Nothing is so fatiguing as the eternal hanging on of an uncompleted task. ~William James

Tuesday, April 20, 2010

Procrastinating 101: My Laptop Made Me (Not) Do It!

Remember Piers Steel?  Associate professor of industrial psychology at the University of Calgary who brought us a formula to explain procrastination?  Well, Professor Steel's research warns that procrastination is increasing in our society:
In 1978, only about 5% of the American public thought of themselves as chronic procrastinators. Now it's 26%. . .
in the past quarter century the average self-score for procrastination (using a 1-to-5 scale with 1 being no delaying) has increased by 39%. 
At least 95 percent of people say they procrastinate occasionally.

Several media sources that reported on Steel's research in January of 2007 passed on the admonition that procrastinating would make us "poorer, fatter and unhappier."  Other procrastination experts who commented on the five-year-late release of Steel's mega-study agreed about the seriousness of the problem, and its entrenchment in our culture.  Dr. William Knaus said that his work with procrastinators was more challenging than getting alcoholics to give up booze.  And Dr. Joseph Ferrari of DePaul University in Chicago said
The subject is seen as a joke.  But the social and economic implications are huge. These people need therapy. They need to change the way they act and think.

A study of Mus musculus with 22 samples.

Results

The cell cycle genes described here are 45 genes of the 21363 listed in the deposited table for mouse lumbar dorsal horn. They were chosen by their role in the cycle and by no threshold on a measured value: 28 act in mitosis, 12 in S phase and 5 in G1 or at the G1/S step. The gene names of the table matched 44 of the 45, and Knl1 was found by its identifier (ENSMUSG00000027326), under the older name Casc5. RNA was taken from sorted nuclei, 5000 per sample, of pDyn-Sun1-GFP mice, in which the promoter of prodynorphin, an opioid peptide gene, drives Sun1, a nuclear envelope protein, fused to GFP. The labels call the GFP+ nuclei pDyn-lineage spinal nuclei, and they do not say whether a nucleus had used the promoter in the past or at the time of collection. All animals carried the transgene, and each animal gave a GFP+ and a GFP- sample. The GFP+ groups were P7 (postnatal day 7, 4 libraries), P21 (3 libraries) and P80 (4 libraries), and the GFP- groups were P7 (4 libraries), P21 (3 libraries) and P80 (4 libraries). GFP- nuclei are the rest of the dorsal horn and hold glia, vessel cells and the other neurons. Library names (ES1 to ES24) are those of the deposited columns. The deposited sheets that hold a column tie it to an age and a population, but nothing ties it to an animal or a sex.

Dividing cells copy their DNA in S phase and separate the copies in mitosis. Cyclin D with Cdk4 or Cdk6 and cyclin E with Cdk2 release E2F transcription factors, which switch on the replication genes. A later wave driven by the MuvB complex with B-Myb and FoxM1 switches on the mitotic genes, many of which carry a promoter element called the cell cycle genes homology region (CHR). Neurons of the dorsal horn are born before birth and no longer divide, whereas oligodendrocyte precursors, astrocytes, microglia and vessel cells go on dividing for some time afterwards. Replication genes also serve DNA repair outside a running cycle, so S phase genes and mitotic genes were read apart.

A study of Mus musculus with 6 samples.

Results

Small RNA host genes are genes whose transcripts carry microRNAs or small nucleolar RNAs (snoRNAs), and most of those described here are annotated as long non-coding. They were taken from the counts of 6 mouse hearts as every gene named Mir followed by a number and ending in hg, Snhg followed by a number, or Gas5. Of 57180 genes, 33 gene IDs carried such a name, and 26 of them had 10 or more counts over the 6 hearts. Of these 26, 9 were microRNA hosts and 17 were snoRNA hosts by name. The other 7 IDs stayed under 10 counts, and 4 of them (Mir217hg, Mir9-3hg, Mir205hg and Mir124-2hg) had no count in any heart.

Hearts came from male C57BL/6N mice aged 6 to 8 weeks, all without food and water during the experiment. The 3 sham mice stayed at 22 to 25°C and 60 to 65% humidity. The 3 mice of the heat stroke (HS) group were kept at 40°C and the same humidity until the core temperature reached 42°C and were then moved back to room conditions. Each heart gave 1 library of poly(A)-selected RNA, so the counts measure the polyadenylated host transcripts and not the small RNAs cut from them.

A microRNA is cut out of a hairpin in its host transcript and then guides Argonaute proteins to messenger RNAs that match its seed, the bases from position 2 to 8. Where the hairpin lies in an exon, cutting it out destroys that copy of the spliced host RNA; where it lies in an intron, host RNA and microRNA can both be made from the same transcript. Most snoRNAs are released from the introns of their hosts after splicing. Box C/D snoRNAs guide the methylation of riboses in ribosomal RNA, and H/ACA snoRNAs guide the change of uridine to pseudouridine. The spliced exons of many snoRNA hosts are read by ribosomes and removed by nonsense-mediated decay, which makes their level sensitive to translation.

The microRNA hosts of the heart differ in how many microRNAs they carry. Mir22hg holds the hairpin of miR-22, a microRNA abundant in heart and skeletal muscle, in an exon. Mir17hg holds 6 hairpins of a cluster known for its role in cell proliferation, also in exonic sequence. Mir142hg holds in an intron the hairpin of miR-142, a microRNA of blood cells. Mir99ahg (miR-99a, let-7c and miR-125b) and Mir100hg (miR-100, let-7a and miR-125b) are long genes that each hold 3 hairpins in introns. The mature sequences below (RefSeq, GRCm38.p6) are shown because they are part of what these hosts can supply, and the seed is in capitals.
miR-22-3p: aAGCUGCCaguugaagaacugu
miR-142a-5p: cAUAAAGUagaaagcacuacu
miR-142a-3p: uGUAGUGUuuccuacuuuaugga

And here's the kicker. Many of the scientists studying the kind of behavior they associate with such dire personal and societal consequences blame technology for its increase. They point out that we have more and more access to gadgets and toys, including cell phones and computers--and now the alluring iPad--that seduce us away from the odious tasks at hand. Professor Steel refers to one popular cell phone/PDA as "crackberry," and says
That stupid game Minesweeper— that probably has cost billions of dollars for the whole society.
(As Steel is a self-professed mostly recovered procrastinator, this statement may reflect some personal experience.)   A 2008 article in the Guardian makes the claim that  
Even the beeps notifying the arrival of email are said to be causing a 0.5 per cent drop in gross domestic product in the United States, costing the economy $70bn a year.

Professor Paul Spector of the University of South Florida has categorized three ways we stray from the path of righteous task completion.  The first, which he calls classic procrastination, involves difficulty getting started.  The second, the province of the perfectionist, is one I know all too well--getting bogged down in details and failing to finish what we've started.  Spector's third group of procrastinators he calls "distractible"--and it is here that technology's increasing temptation-value rears its ugly head.

Steel again:
The internet and gadgets. . .give people a constant source of putting things off, and they create motivationally toxic environments.  Imagine trying to diet with a magic floating spoon of ice cream following you around.

The gist of all this, as I see it, is "Procrastinators of the world, unplug!" Go offline. Create a toy-free zone for work. Not the whole solution, but for some of us, probably a necessary step. And a conundrum for this procrastination blogger.